The Smithsonian Aims to Preserve Digital Design

A museum preserves our culture from disappearing over time. But in the 21st century how can museums preserve the apps, software, and digital ephemera that now define our culture?

The Cooper-Hewitt, Smithsonian's National Museum of Design in New York, is starting to explore this issue with a digital acquisition, an iPad app.  Released in 2011 by Bloom, Planetary is an app that examines a user's iTunes collection it across a truly cosmic scale, transforming your music library into a virtual 3-D galaxy. Each star in that galaxy represents a different artist, each orbiting planet an album, and every moon a song.  

Sebastian Chan, Cooper-Hewitt's director of digital and emerging media, recently told FastCoDesign the acquisition has to do with the museum's mission to collect contemporary design - a mission, which faces new challenges in the digital age.  

"If we were satisfied to just be a history museum or an art museum, we could stay focused on the tangible, but to fill to the role of being the 'National Design Museum,' we have to broaden what we do," Chan explained. "We are beginning to come to terms with the fact that the contemporary objects that a design museum should collect are now often neither unique nor inherently precious. It's forcing us to consider how to communicate the intention and the processes of the designers behind their work."

The acquisition is a bigger deal than downloading an app onto a museum iPad. Chan added, "Not only did we acquire Planetary's source code, we also acquired the developer's change log and other development ephemera. This gives us the opportunity to show our visitors how the app was made, and the trade-offs made along the way in the design process.”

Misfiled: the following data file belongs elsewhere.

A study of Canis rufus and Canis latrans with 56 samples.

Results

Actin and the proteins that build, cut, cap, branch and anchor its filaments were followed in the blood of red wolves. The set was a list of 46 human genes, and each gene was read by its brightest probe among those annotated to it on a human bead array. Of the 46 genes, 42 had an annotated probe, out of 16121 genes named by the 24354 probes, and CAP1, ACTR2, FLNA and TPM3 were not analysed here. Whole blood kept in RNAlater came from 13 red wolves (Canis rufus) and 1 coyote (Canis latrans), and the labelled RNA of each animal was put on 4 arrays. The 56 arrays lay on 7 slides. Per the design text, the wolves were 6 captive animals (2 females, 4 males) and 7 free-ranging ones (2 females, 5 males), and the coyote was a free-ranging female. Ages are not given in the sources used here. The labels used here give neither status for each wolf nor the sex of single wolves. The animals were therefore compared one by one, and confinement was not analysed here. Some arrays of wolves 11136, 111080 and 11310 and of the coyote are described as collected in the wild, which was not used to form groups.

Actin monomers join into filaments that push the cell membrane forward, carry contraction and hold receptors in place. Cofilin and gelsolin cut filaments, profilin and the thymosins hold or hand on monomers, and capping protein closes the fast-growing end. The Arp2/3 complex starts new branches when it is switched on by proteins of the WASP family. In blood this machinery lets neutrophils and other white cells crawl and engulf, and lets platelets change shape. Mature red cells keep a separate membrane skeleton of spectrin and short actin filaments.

Planetary from Bloom Studio, Inc. on Vimeo.

Additionally, Planetary's original developers over at Bloom were willing to work with the Cooper-Hewitt on an on-going basis in figuring out how to best exhibit and preserve it. To Chan, this was important because at his former job at the Powerhouse Museum in Sydney, he had been exposed a large collection of early electronic musical instruments from the 1960s and 1970s. These instruments had been collected, but had not been preserved, so turning them on might destroy them.  

“Preserving something digital requires experimentation. You can't just freeze it in Carbonite," he said.
As part of that experiment in digital preservation, the Cooper-Hewitt has made Planetary open source to encourage software developers to modify it. In 2014, the app will also be exhibited to museumgoers on museum iPads when the Cooper-Hewitt re-opens after renovations.

Further, this acquisition could influence more than just digital preservation. According to Chan, it could change the way other museums preserve physical objects. For example, right now, the Cooper-Hewitt has a collection of 3-D printed chairs, but not the source code used to generate them.

Collecting digital works of design is the future of museums.  You can't preserve a digital object without preserving the technology that created it.



Amanda Ciccatelli, Social Media Strategist at IIR USA in New York City, has a background in digital and print journalism, covering a variety of topics in business strategy, marketing, and technology. She previously worked at Technology Marketing Corporation as a Web Editor where she covered breaking news and feature stories in the tech industry.  She can be reached at aciccatelli@iirusa.com. Follow her at @AmandaCicc.